In the past six months Bitcoin and the equity markets have been climbing, while gold has been falling. We look at what the driving factors are and why we think select gold stocks are looking good at current levels.
Gold is a hedge. It's not the only hedge.
Since cryptocurrency Bitcoin has moved closer to the mainstream, there is no question that plenty of money is going into Bitcoin which might have gone into gold.
The S&P/ASX All Ords is up 31% in the past 12 months while the gold price has been flat. Having climbed over US$2000 an ounce in August 2020 it performed as a hedge should during a volatile period. But then it’s been a downward slide to current levels of over US$1730 an ounce.
The price of 1 Bitcoin has gone from US$5k to US$60k in 18 months. While it could have legs and keep going, it could also turn out to be reminiscent of the words of the world’s first celebrity economist, Irving Fisher, who famously said 9 days before the 1929 crash: “Stock prices have reached what looks like a permanently high plateau.” As soon as the loudest sceptic on an asset class turns even vaguely neutral, that might spell the end of a particular speculative run.
While ETFs have made gold much more accessible to investors, the ability to buy the cryptocurrency on PayPal and other electronic payment apps has led to a surge in volumes being traded. This is not unconnected with the lack of interest in gold as a hedge.
Bitcoin has rapidly caught up in terms of value. The total cryptocurrency value represents US$2tn, of which Bitcoin is close to 55%. All the gold ever mined is worth in realm of US$5bn.
It hasn’t escaped us, however, that mining the last hundreds of thousands of Bitcoins use more electricity than Argentina. Some might say it’s not a very good use of resources. On the other hand, the damage wrought on the earth from gold mining is almost incalculable.
What Bitcoin doesn’t have is operating leverage. This can work both ways. While the gold price in US$ has fallen 10% in the past six months, or 15% in A$, Evolution Mining (EVN) has declined almost 30%.
Miners themselves have an operating leverage to the gold price. In a period of rising prices a listed mining company benefits disproportionately; when prices go the other way, as we’ve seen, the reverse occurs.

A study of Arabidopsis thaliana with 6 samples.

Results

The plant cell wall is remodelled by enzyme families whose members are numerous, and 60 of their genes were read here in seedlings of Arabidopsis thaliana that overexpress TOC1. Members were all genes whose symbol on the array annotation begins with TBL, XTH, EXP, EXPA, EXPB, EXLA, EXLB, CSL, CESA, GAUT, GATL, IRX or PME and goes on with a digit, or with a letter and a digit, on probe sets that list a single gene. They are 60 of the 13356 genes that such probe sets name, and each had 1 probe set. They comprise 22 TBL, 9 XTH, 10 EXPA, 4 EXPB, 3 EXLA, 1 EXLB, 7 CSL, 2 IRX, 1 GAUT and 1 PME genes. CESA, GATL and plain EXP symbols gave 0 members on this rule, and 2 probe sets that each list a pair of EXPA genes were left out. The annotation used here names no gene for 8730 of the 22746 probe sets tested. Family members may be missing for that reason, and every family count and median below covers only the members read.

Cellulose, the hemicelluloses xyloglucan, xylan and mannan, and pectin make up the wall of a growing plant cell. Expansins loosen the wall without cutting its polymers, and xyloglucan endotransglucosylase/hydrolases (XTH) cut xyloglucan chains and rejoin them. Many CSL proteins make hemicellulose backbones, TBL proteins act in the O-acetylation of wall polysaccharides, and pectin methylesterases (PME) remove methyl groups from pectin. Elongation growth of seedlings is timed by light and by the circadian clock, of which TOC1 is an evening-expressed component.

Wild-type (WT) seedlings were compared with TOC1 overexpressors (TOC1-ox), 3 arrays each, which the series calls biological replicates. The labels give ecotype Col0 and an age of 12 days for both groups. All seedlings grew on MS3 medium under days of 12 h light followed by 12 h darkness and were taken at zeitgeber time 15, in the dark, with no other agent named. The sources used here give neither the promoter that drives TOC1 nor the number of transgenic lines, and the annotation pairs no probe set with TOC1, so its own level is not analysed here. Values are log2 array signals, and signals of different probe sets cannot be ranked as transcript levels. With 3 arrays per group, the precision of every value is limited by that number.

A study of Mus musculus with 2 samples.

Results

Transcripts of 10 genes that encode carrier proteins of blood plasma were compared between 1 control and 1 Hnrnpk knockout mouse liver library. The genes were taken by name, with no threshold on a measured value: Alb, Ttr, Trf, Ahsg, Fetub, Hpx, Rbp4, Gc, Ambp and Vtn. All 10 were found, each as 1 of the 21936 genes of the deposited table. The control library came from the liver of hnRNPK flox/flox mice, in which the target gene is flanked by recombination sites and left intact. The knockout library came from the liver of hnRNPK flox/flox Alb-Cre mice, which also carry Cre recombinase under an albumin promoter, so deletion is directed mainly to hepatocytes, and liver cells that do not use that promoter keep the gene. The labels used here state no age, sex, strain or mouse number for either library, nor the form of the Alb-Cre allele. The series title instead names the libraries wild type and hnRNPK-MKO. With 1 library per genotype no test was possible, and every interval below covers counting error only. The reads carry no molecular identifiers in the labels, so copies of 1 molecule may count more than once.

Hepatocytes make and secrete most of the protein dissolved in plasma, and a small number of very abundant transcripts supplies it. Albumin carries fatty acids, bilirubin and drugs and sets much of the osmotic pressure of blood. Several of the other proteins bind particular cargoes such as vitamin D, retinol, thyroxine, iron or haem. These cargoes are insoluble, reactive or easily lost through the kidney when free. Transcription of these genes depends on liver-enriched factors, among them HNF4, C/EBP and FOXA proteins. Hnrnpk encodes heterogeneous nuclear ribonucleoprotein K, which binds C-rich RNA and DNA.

The stocks we will cover all show growing production, which mitigates this price decline. But there are significant risks associated with mining. Each mine has its risks, which is why we steer clear of single mine companies; while there is also sovereign risk outside of the company’s control, which is why we have in the main favoured Australian mining companies.
The interest rate factor
Interest rates create real competition, which is another reason why the gold price has weakened in the past six months. The US Treasury 10 year bond yield has climbed from 0.6% 12 months ago in the depths of the COVID-19 related panic to current levels of close to 1.7%.
This means that the cost to borrow non-yielding assets such as gold and Bitcoin has gone up; plus it has competition from a risk free yielding asset. Yields are now almost a real number.
Why hedging with a gold stock is a good idea right now
The question is whether yields are going up because of noninflationary economic growth or because inflation is a real possibility. We’re in a period of uncertainty, which is why you want a hedge.
The fact that the hedges can be volatile is why you only want them to be a small part of your portfolio in the region of 5-10%.
The market in hedges is always changing. If you believe that cryptocurrencies are an important part of the future then it might be worth a bet. But the point we’re making here is that a hedge is supposed to go the other way from the market; the market has gone up, so the gold price fall is not a surprise. Now might be the time for a re-allocation of your capital: taking from the one that’s done well and giving to the underperformer. Buying a good stock is very much a contrarian move.
Link between gold stocks and the gold price
It has been noted that gold stocks sometimes rise in anticipation of the actual gold price when it’s at a turning point.
Gold formed a base around US$1,680/oz on 8 March 2021 and after a brief rally revisited the US$1,680 level again on 30 March 2021 before rallying to around US$1,755/oz in early April. The gold price is now weakening. Will it continue to weaken or rise again?
Vaneck Vectors Gold Miners ETF is an ASX listed ETF (ASX code GDX) that seeks to replicate the price and yield performance of the NYSE Arca Gold Miners Index. It bottomed on 4 March 2021 and kept rising through gold’s weakness in late March. The same thing happened for the S&P/ASX All Ordinaries Gold Index (ASX code XGD), which bottomed on 5 March 2021.
What is interesting right now is that many of the better quality gold explorers and potential gold developers have recently broken long downtrends and their share prices are also rising. The rally is not just confined to companies that are currently gold producers.
It is still early days, but now seems the right time to have some gold exposure in the portfolio.